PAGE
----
I seem to get a lot of ABS faults when starting my bike and riding away. How do I prevent this from happening?

An ABS fault on startup can occur when the system does not have enough energy - a fault is indicated by ALTERNATING flashing. Synchronized flashing of the two lights is normal and will stop as you drive away - you will hear the system make a "kerchunk" sound and the lights will go out. The lights will not go out until you ride a few feet and initialize the system.

If you are getting ABS faults, then you are going through your start-up procedure too quickly. When you start your bike, give the total system more time to initialize. The ABS system, fuel pump and Motronic all need a lot of juice. A good rule of thumb is to turn on the key, let the ABS lights blink at least three times before hitting the starter button. If you slow down your startup procedure in this manner, your faults will cease. If not, then you have a poor battery or other electrical system problems. See your mechanic.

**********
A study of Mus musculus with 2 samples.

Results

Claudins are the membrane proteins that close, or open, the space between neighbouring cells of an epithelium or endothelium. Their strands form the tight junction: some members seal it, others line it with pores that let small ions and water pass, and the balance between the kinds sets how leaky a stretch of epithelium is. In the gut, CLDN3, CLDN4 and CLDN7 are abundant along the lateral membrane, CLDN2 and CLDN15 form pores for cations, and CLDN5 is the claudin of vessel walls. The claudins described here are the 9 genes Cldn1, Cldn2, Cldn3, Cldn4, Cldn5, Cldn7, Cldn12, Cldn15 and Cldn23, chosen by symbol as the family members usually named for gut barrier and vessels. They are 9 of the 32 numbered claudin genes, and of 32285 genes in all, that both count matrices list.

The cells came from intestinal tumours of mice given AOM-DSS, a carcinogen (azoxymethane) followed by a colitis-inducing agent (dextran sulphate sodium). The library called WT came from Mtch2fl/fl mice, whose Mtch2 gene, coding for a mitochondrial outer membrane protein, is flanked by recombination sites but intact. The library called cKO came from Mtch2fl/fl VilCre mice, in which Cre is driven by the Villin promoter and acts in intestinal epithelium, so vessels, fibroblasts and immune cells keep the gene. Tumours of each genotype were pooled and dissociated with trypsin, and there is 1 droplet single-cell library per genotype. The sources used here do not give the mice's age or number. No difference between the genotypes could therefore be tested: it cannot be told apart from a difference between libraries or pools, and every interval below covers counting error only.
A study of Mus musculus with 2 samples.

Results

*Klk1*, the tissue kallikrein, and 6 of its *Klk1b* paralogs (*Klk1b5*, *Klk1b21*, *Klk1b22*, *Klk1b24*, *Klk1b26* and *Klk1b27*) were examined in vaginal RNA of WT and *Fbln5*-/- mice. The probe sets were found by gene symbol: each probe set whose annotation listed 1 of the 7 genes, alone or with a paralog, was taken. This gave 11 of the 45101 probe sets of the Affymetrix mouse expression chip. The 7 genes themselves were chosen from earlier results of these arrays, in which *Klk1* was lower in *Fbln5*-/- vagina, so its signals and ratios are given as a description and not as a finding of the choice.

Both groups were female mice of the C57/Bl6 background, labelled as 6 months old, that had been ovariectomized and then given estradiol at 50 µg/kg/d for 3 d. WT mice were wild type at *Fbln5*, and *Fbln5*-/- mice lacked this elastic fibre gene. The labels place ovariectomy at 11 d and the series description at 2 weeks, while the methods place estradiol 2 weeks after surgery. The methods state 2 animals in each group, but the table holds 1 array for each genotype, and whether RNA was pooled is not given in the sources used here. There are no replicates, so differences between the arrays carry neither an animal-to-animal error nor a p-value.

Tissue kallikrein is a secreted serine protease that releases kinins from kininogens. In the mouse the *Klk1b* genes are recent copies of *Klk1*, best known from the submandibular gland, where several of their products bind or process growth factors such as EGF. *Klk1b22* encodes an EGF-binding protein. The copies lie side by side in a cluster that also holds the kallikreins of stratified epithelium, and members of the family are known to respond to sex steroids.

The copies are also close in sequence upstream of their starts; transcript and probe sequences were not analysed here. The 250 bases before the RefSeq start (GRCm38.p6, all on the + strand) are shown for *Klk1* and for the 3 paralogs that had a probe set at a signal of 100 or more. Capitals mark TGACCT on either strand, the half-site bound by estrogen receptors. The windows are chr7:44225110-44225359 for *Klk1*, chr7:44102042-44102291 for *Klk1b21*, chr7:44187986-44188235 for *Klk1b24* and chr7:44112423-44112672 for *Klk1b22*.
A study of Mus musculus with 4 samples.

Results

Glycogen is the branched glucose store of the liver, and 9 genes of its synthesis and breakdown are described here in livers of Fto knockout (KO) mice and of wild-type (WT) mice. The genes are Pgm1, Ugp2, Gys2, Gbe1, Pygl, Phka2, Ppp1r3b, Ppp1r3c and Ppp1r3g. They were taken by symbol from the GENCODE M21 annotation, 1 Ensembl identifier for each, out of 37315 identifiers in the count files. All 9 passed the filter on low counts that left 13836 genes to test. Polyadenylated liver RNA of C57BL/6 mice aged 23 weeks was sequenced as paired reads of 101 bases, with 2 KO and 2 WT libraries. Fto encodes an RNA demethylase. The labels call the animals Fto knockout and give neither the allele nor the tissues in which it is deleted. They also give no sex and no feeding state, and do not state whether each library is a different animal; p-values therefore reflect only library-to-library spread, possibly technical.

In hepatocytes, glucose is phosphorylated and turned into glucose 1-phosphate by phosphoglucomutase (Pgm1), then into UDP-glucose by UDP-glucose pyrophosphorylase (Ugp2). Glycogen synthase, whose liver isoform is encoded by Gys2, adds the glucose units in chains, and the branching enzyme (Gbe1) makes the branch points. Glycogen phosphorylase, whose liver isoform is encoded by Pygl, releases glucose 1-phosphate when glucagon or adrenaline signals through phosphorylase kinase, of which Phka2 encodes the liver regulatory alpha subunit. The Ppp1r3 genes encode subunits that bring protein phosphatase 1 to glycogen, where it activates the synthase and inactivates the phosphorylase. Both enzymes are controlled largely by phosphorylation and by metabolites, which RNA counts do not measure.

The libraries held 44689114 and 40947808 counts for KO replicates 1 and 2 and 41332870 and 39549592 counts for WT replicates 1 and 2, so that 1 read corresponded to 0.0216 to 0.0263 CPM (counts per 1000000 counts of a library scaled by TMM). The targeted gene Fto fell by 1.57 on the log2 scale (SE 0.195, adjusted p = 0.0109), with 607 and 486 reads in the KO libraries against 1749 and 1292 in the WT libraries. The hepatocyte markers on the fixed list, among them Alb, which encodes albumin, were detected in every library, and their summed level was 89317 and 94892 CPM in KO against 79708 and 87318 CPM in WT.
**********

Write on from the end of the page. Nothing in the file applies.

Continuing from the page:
Ernesto B. Pantangco <ernestbp@i-manila.com.ph > agrees but points out that the problem could be related to the starter: "For RT owners who experience intermittent problems with their ABS when starting their bikes (either cold or warm), the source of the problem is low voltage, approximately lower than 9.8 volts (BMW internet riders 1100 faq file). This can occur from a battery that has not been charged from use or thru a battery tender; or, as what happened to me, the starter motor was draining more current than expected.  A simple test would be to connect a voltmeter to the battery terminals. If during starting, the voltage drops below 9.8 volts, check battery condition. If battery is fully charged prior to starting, check the voltage and current drain of the starter (per BMW repair manual page12.11), the voltage should be 10-11 v and current drain (measured from + side) should be between 80-150 A. If the current drain is more, have the starting motor checked. It is easy to locate (bottom left hand side after removing the side panel) and detach since there are only two allen screws. Disassembly is easy if you are an experienced mechanic. There may be a loose magnet(s) attached to the rotor. If so, an experienced mechanic could reattach the magnet(s) and secure the rest.